Your digital identity, made up of your personal information and traces of your activity on the internet, is more valuable than you may believe. This is why there’s such a high risk of its being exploited by a Doppelganger. This German word translates roughly as “double.” In an internet-related context, it is a digital version of an identical twin. Digital twins are not an infrequent occurrence and running a background check on yourself can help you discover if you have one.
While sounding somewhat complicated, the concept of digital identity is not that hard to grasp. Basically, it is any personal data on the internet that someone can trace back to you. This includes your search engine history, your bank account, pictures uploaded to social media, posts you’ve shared, comments you’ve left on forums, and/or your Steam account if you’re into gaming. We make data and content available, which ends up building our digital identities.
Types of Information That Build Digital Identity
Digital activities and digital attributes make up digital identity. You can be identified using these pieces of information, either in combination or each one separately. Examples of activities include comments, likes, and shares, photos on social networks, forum posts, purchase histories, signed petitions, search queries, geotagging, use of your cell phone, and any apps you’ve downloaded. Examples of attributes are your date and place of birth, your driver’s license number, your SSN, medical history, state-issued ID documents, usernames and passwords, bank details, your email address, tokens and badges, and biometric data such as 3D face maps, eye scans, and fingerprints.
Risks of Exploitation
There are more Doppelgangers on the web than you may imagine – this source estimates them to be more than 4 billion. Exploitation opportunities are ripe for the taking if you consider the situation from a cybersecurity perspective. Security experts compare digital identities to online currency.
If it works for you, your identity allows you to create new accounts, gives you access to them, and provides credibility to communicate with others online in a reliable and trustworthy manner. Or, it can work against you. Your personal data can be hacked or stolen. It’s subject to breaches. In the first six months of 2019, 4.1 billion records were exposed. There were also 4,000 data breaches, and those were just the publicly disclosed ones. What was personal data is now public.
Your ISP (Internet Service Provider) can be just as detrimental to your data security as a cybercriminal. They sometimes sell private browsing histories to advertising businesses that will pay quite a bit of money for them for the purpose of marketing. Gaming companies have been known to do this too. Corporations are just as guilty of hunting for our digital data as hackers, if not more because they stand to gain much more from exploiting it than individuals do.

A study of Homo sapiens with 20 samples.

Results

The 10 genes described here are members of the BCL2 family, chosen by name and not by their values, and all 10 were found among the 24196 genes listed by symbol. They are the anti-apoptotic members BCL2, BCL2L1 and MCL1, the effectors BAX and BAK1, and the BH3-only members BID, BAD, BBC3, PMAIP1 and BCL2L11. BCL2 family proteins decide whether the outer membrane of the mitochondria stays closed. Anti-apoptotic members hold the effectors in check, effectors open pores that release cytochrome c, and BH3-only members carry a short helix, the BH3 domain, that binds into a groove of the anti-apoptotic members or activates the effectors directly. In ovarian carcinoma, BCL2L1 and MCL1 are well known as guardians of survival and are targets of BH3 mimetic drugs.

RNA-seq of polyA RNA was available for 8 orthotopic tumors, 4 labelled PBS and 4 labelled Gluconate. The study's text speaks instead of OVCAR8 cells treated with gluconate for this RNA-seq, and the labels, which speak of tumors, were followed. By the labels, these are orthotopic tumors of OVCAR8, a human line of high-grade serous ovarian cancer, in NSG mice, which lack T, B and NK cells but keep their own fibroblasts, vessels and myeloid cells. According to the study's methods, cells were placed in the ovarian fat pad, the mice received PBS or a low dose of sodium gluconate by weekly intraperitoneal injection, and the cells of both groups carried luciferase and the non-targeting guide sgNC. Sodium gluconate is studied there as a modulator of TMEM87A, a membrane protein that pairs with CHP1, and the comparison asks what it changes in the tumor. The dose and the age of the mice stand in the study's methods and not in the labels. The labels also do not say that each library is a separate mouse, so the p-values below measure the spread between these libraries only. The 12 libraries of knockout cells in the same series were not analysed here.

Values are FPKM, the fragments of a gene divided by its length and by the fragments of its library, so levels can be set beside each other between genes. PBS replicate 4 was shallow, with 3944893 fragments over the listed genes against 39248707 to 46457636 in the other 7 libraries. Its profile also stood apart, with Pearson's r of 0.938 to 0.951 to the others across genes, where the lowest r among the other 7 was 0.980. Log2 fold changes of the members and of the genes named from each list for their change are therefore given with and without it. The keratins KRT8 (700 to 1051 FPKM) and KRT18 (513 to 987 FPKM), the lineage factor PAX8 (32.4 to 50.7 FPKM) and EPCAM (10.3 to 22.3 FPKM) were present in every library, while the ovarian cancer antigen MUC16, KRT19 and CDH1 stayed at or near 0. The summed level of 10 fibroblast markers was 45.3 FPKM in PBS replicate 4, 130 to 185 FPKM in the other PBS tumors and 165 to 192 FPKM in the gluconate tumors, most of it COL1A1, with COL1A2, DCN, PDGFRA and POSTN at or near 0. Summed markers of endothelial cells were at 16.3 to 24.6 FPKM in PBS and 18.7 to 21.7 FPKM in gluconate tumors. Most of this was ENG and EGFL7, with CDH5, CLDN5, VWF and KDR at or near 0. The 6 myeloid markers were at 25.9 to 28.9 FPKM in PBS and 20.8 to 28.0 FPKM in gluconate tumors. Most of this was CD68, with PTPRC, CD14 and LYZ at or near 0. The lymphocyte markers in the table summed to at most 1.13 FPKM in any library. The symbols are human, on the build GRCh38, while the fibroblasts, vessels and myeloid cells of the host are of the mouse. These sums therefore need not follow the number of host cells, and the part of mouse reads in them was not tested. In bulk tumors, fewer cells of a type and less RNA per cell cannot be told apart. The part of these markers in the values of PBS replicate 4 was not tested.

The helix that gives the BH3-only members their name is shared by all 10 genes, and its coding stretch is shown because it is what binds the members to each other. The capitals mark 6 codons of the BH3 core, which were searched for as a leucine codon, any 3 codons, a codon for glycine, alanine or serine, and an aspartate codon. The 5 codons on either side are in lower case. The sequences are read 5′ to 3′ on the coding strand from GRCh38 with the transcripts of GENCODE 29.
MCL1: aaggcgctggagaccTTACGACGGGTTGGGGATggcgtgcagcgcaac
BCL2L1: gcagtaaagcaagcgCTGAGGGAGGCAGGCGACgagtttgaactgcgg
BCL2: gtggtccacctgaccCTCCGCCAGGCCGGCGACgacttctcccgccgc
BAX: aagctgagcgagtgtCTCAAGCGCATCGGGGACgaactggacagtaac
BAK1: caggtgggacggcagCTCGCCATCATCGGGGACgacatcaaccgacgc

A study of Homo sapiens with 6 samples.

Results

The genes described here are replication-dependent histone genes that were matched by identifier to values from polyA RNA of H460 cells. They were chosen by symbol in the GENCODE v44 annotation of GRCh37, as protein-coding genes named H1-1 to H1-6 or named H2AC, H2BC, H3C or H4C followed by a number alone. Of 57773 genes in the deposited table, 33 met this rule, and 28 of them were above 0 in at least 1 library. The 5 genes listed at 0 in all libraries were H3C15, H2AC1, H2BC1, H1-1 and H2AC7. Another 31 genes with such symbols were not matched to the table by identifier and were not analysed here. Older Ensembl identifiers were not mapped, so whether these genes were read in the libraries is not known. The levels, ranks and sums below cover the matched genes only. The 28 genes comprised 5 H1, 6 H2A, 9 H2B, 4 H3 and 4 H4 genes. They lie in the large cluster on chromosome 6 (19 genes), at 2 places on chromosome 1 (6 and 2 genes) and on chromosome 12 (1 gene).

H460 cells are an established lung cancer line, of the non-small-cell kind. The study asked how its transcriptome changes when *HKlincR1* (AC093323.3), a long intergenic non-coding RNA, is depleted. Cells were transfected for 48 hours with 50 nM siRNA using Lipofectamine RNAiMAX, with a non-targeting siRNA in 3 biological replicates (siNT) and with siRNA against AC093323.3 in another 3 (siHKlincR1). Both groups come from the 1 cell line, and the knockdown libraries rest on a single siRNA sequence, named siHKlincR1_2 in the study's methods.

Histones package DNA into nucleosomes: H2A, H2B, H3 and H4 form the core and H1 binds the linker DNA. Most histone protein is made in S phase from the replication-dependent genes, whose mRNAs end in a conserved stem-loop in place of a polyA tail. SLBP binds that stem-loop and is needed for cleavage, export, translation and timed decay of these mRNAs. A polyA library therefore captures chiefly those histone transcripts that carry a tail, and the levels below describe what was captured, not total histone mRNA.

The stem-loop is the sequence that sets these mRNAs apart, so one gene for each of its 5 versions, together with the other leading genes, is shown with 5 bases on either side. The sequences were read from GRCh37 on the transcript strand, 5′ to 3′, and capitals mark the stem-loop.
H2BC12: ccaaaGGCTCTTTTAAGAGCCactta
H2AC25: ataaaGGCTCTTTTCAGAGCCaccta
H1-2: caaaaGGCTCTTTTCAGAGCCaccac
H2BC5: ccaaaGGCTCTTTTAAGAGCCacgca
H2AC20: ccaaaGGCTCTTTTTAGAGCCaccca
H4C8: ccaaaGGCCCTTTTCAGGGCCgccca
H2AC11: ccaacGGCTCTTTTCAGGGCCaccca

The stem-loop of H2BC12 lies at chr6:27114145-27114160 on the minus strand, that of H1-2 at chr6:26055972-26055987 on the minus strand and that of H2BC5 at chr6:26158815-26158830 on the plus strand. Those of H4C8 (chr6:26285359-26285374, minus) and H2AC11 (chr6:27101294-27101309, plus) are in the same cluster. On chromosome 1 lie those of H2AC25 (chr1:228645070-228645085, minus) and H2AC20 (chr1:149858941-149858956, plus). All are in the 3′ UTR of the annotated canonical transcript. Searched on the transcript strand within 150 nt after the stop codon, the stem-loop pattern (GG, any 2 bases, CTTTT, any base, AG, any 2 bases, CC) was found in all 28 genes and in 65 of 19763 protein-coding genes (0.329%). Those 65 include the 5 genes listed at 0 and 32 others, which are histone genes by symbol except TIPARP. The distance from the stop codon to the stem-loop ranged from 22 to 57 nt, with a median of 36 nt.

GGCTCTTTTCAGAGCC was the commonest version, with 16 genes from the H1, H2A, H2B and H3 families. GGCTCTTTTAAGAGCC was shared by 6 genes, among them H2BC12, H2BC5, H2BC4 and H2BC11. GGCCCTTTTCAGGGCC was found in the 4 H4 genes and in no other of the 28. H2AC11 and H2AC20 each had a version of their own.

How to Protect Your Digital Identity
Digital identities are not going anywhere. There will always be ill-meant people who want to get their hands on your data as long as you have a Doppelganger on the internet. This isn’t to say you should panic because there are many things you can do to reduce the chances of that happening. These strategies are quick and simple. Here are a few of them.
Use a VPN
Virtual private networks create a secure, encrypted connection between you and the server. Your ISP cannot read the information being transferred over this connection thanks to the special software that VPNs utilize. While this doesn’t conceal the fact that you’re using this type of network, it’s a good way to hide your online activities from your ISP.
Use a Security-Enabled Browser
If your own search engine doesn’t respect your privacy, what and who will? Opt for a browser that integrates advanced security and protects your privacy, allowing you to bank, shop, or simply browse any website safely.
Use a Password Manager
You need to protect your passwords as well as possible. Hacked passwords are a leading cause of a breach. Managers equip passwords with strong and reliable encryption and make it possible to administer them all together. Password manager features check for old, duplicate, and weak passwords, among other vulnerabilities.